Kathryn Gilje's picture
Kathryn Gilje

The bees themselves are fascinating to observe, each with their own specialized job, deep into the magic of pollination, building the hive and making honey.

The hubbub around the hive also gave me the chance to talk about how bees and pollinators around the world are in trouble, and how it's up to us, this generation, to make a change.

Today, PAN and Beyond Pesticides are launching our Honey Bee Haven website, where you can meet others who — in the face of policymaker inaction — are building a groundswell of support for honey bees and other pollinators.

We invite you to join us and people across the country to make support for bees visible, to sign the Honey Bee Haven pledge and put your haven on the map. You don't need a beehive to take part, though that's certainly one option.

Something is terribly wrong with our food and farming system, and if we take steps that restore the bees, we'll be doing right by our health and ecosystems, too. In these deeply trying economic and political times, I'm amazed at how much hope per bee the hive can generate, just by doing its thing.

The bee backstory

Bees have been dying in droves around the world since the mid-1990's. This phenomenon hit the U.S. hard in 2006, and each year thereafter. Despite science that shows a key part of the problem is increased exposure to a class of systemic pesticides (neonicotinoids), policymakers and the pesticide industry have failed to act.

Yet in the face of these dire trends, a hopeful grassroots movement of backyard beekeeping is emerging around the country. It's one way we can bring back the bees, while continuing to push EPA to take action.

Even if you can’t keep bees, creating a Honey Bee Haven where you live is powerful. A few bee-friendly plants in containers on your front stoop or balcony will get you started. Here's what a haven entails:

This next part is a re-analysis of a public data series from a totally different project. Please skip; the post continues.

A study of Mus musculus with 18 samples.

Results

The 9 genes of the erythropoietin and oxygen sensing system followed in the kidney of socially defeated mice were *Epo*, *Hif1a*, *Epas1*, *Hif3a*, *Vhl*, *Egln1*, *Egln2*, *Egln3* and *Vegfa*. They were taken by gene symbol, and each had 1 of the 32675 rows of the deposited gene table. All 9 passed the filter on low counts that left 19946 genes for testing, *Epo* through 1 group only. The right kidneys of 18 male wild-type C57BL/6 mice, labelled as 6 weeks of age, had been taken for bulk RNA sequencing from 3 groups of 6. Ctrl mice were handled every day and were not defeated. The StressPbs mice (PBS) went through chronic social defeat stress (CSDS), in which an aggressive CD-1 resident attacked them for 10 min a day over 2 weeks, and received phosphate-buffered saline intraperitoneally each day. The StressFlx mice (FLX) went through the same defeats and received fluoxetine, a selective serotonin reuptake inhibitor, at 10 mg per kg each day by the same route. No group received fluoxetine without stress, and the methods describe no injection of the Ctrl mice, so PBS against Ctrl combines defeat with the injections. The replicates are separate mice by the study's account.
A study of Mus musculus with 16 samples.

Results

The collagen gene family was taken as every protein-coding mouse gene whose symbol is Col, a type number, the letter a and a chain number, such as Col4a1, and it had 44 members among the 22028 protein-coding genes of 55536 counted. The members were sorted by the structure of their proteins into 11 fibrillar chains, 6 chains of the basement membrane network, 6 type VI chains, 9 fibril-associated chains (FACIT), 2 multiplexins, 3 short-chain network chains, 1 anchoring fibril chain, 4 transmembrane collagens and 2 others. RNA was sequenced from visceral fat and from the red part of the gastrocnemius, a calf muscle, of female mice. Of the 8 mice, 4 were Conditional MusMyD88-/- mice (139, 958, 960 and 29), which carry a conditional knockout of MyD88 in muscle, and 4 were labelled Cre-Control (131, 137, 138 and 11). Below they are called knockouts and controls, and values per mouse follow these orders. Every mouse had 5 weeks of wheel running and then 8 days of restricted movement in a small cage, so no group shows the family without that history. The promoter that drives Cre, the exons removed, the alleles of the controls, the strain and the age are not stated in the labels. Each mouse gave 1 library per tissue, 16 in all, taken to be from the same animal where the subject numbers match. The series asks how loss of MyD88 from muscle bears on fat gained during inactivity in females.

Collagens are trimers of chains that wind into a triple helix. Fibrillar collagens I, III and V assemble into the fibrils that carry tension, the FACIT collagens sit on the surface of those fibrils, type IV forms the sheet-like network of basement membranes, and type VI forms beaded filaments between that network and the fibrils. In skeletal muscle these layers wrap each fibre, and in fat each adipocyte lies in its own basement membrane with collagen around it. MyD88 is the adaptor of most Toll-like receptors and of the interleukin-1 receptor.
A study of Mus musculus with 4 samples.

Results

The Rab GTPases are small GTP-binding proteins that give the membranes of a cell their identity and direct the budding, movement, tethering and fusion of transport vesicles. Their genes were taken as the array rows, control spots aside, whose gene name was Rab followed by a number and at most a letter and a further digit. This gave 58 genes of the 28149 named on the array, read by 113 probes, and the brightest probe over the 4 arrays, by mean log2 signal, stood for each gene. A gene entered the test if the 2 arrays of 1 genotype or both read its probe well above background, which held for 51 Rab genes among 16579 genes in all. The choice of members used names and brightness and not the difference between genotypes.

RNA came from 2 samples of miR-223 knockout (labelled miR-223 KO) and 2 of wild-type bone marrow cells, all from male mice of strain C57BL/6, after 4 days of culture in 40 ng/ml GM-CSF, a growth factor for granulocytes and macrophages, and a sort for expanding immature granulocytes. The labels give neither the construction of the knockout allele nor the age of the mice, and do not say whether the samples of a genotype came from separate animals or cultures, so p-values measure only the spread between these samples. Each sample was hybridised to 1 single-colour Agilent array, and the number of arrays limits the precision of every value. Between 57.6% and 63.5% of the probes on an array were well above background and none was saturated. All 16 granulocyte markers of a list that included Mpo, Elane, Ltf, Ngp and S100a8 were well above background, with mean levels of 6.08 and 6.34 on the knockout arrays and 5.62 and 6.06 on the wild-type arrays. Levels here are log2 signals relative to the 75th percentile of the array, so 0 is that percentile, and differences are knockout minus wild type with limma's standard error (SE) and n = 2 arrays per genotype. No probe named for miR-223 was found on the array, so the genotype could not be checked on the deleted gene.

1. Protect bees from pesticides. Pesticides kill beneficial insects including pollinators and natural enemies of pesky garden pests. Instead of using pesticides, explore organic ways to grow healthy plants, such as using compost for healthy soil and controlling pests with homemade remedies and biocontrols like ladybugs.
     
  2. Provide a variety of food for bees. Consider clustered plantings with staggered blooming times so there is food throughout the year and particularly in the late summer and fall. Native plants are always best, and inter-planting and hedgerows provide additional forage on farms.
     
  3. Provide a year-round, clean source of water for bees. This can be a river, pond, irrigation system, rainwater collection system or small-scale garden water features. Shallow water sources can provide more than enough water for bees, without creating opportunities for mosquitoes to breed.
     
  4. Provide shelter for bees. Leave some ground undisturbed and untilled and some dead trees and plants on the property for wild bees.

Join us online in the Honey Bee Haven space, sharing stories of hope and bees from across the country. Share what you're doing and be part of the groundswell that will, one day, bring back the bees.